Plans submitted for the iconic Briggate landmark by Orchard Street Investment Management, and will include the redevelopment of the existing building while also adding a rooftop extension.
The development will include 124 bed spaces in 107 student flats. Ninety of these will be studio flats, while a further 17 will be duel-occupancy studios, termed “twodios” – effectively one room with two double beds.
Four communal areas are proposed, with a new “courtyard wellness garden” would be created in the centre of the former department store from the second floor up and cover 240 square metres. A smaller communal roof terrace is also proposed, while two lounges, and a study room are also proposed.
It would also mean demolishing the current rooftop extension, which was built in the 1980s.
A report into the proposals by Leeds City Council planning officers stated: “It is considered that the proposal would result in a high quality, appropriate development. The scheme would bring active use to an important historic building and would add to the vibrancy and vitality to the area and furthering its regeneration.
“The proposals would allow important underused historic areas of the listed building to be brought back into use and whilst it is acknowledged that there will be some (but not substantial) harm by virtue of the extent of demolition and alterations, this is of a tolerable level when balanced against the public benefits of the regeneration of the building.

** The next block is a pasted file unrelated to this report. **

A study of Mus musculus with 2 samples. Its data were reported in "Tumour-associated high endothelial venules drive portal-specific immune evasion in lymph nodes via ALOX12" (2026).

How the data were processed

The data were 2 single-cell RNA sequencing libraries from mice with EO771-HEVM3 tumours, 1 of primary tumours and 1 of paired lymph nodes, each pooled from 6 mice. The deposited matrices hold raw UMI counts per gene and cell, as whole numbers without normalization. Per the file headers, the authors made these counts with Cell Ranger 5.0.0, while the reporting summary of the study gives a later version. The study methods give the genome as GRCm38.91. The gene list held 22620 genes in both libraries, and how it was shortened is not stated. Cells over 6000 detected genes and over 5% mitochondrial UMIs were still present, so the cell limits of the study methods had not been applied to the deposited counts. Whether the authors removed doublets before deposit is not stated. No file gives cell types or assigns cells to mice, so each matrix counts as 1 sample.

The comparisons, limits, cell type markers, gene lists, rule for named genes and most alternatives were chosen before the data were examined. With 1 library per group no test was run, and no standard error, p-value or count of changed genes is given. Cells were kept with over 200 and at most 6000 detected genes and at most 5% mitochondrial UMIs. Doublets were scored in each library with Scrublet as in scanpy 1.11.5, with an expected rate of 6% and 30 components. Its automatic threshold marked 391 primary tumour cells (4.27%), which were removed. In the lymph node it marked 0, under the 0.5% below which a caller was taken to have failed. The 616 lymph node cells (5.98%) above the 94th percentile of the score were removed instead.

“Therefore the proposal is in accordance with the Development Plan and is considered to be acceptable and is recommended for planning approval and listed building consent approval subject to the conditions… and the planning obligations set out at the head of this report.”
As part of the recommendation to approve the plans, council officers suggested the scheme should commit to employing local people and the occupation of the residential units by students only.
Debenhams closed earlier this year, after the firm was a high profile casualty of the economic hardship caused by the Covid-19 pandemic. The site has been vacant ever since.
An earlier form of the plans went before the plans panel back in March, with councillors expressing mixed feelings about the principle.
Coun Dan Cohen (Con) said: “I have no problem with students anywhere in the city, but this notion of literally every new building that comes seems to be for student accommodation, and for the 25 weeks a year students aren’t around, it can have a negative impact.
“But this building isn’t going to be in use and it is not going to be a department store.”
Coun Caroline Gruen said: “I think it is a really positive, creative, helpful addition to the city centre. The preservation of the exterior is an excellent move.”
Leeds City Council’s City Plans Panel will meet to discuss the plans on Thursday, July 8.